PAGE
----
How to choose a boat for water sports
When it comes to choosing a boat for water sports, there are a number of factors to consider: the kind of wake it produces, the price, the propulsion method, the hull shape. All of these features play into the calculation you need to make in order to decide what boat will be best for you.
As we'll come to see, however, choosing a good all-round performer is often a great way to go for 99 per cent of customers.
What makes a good water sports boat?
To speak in the most general terms, there are two things that play strongly into how well a given boat performs as a water sports boat: the characteristics of the wake it produces and the height of the hitch point.
The wake characteristics are the most noticeable thing for the person doing the skiing or wakeboarding. A flatter wake is preferred for skiing, while a more aggressive one is better for wakeboarding.
The hitch point plays an important role too. For skiing, it's fine to have the rope connected at the same height as the skier's hands. Because they're not doing doing jumps, having the force pulling them parallel with the water's surface is a plus. For wakeboarding on the other hand, it's very helpful to have the hitch point higher than the boarder themselves. This is usually achieved with a wakeboard tower. When wakeboarders are doing jumps, having the hitch point up higher makes it a lot easier to get the necessary air.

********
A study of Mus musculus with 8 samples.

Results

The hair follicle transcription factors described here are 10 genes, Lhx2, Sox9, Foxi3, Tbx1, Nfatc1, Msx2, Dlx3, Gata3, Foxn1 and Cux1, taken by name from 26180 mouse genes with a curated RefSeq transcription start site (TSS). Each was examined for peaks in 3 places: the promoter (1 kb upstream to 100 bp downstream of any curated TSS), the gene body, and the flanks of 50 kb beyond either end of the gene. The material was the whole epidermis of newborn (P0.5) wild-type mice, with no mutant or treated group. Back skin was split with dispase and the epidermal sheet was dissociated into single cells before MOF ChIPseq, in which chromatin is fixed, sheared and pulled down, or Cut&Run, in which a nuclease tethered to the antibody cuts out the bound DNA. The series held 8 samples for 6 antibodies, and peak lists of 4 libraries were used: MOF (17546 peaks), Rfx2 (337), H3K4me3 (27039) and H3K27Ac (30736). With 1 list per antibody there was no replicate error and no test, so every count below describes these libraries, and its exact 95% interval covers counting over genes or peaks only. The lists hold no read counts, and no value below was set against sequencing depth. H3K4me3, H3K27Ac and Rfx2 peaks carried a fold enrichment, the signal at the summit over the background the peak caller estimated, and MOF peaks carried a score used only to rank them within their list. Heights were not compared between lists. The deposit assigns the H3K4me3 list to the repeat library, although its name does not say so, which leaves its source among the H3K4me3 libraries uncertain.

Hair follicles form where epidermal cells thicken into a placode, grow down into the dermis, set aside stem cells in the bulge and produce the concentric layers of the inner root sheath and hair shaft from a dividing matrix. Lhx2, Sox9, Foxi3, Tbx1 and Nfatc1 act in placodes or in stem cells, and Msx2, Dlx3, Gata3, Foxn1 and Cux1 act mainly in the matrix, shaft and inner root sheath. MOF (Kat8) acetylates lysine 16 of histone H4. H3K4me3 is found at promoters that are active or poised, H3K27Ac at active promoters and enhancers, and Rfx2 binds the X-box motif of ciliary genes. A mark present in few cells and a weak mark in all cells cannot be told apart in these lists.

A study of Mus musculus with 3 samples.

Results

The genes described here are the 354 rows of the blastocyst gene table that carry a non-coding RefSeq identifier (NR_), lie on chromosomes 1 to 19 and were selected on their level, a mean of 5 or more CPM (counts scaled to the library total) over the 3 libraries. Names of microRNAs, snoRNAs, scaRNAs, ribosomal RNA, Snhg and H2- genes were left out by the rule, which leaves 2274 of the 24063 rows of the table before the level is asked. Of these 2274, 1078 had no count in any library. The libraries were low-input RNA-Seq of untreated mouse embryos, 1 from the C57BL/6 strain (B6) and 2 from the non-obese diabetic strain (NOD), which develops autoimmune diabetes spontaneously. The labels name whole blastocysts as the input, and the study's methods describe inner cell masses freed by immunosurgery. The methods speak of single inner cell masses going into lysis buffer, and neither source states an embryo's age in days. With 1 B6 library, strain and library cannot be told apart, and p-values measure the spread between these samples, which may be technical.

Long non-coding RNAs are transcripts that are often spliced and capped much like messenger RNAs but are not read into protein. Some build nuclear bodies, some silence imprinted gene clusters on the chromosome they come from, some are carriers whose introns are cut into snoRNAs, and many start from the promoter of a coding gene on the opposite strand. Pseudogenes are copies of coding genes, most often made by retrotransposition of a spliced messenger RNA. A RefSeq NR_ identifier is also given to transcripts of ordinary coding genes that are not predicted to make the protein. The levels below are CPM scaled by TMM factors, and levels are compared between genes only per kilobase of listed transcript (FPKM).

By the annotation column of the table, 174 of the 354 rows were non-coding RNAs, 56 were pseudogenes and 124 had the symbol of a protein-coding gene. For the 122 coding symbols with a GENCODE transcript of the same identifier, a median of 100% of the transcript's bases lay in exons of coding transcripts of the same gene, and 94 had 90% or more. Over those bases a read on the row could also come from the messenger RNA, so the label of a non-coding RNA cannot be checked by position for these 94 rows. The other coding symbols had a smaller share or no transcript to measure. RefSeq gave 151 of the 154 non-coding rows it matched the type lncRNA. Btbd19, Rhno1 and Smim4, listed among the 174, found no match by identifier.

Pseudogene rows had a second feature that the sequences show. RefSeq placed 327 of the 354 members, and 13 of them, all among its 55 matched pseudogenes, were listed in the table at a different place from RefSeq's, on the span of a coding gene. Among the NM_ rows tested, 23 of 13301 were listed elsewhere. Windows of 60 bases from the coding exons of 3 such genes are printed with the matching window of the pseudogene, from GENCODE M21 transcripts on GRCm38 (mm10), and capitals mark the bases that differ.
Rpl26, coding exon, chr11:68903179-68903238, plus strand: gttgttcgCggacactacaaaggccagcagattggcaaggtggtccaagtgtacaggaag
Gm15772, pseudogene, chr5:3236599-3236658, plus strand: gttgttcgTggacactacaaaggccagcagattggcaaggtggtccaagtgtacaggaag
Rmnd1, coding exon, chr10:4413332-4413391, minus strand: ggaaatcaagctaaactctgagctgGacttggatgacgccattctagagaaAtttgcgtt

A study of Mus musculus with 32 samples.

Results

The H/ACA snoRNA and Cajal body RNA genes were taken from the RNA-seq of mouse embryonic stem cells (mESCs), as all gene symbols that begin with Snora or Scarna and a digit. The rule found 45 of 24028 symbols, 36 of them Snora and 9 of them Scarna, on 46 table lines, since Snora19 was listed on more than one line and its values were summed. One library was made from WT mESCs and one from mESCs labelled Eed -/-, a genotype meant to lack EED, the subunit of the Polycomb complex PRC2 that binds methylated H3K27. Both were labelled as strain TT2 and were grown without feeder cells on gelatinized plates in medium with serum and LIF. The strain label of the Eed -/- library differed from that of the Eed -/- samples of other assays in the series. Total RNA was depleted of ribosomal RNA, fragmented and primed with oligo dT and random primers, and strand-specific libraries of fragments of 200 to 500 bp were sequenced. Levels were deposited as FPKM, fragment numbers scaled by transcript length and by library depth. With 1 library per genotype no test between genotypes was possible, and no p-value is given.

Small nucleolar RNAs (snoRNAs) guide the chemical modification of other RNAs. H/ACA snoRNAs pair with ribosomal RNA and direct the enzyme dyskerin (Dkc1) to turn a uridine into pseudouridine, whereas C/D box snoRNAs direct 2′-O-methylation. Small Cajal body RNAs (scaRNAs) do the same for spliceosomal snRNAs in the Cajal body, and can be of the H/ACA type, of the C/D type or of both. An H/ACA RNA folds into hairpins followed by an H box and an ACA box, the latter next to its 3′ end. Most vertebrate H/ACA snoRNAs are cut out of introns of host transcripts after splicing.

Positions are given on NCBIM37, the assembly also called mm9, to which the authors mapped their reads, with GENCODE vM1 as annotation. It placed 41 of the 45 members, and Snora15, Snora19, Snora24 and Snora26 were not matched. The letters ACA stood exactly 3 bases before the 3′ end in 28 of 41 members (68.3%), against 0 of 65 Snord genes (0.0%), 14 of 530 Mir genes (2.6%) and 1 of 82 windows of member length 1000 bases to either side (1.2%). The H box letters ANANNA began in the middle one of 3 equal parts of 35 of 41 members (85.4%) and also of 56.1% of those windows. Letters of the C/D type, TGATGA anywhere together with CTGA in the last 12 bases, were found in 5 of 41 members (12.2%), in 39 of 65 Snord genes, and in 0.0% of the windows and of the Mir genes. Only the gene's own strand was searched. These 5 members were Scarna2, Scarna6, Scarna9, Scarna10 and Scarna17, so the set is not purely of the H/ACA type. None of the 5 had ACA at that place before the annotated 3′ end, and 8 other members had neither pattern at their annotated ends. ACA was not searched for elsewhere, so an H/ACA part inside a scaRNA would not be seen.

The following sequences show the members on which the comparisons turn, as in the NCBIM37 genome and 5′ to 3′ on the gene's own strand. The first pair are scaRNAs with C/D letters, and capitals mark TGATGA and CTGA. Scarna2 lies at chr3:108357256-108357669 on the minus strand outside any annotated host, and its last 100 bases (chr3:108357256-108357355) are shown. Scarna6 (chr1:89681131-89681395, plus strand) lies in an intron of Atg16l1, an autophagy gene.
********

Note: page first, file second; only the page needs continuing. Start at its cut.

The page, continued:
Things to consider when choosing your boat
1. Propulsion method
Sterndrive boats put out great wakes for wakeboarders. Because the prop on them is relatively close to the water's surface, some of the force produced is directed upwards, forcing the stern down into the water, creating that larger wake.
Inboards and outboards create far flatter wakes, ideal for water skiing. Depending on you taste for wake, this can also be better for towable tubes and kneeboarding too.
Sometimes it can come down to simply taking the boat for a test run before you purchase, to get a feel for the kind of wake it produces.
Although it's not a factor that determine's whether a boat is good for water sports objectively, it is one that plays into whether a boat is good for you. Asking what the best anything is can be pointless if the best is too far out of your price range.
3. What will you use the boat for?
If you're exclusively planning on skiing or wakeboarding, you can afford to be a little more specialised with your boat choice. Yet generally speaking, boats that are designed as ski or wakeboard boats aren't very good at doing much else. If you're planning on using your boat for other activities like fishing or recreational cruising, you'll want to lean towards a more versatile runabout.
4. Place of use
Will you be using your boat exclusively on calm lakes? Will you ever want to take it up shallower rivers, or even out into the ocean? This is something you'll need to consider, as specialist ski and wakeboard boats sometimes struggle in conditions other than a clear lake.
Unless you're the most hardcore of professionals, a cross-over boat that does a bit of everything is a great way to go. The Glastron GTS 185 (pictured above) is a good example of this - a boat that can do many things, and do them all well. It's sterndrive powered and has the optional extra of a waketower, meaning it'll be good for both skiing and wakeboarding.
Are you ready to take the plunge and purchase a water sports boat? Get in touch with the crew at Hunts Marine, and we can offer tailored advice on a boat that'll fit your requirements.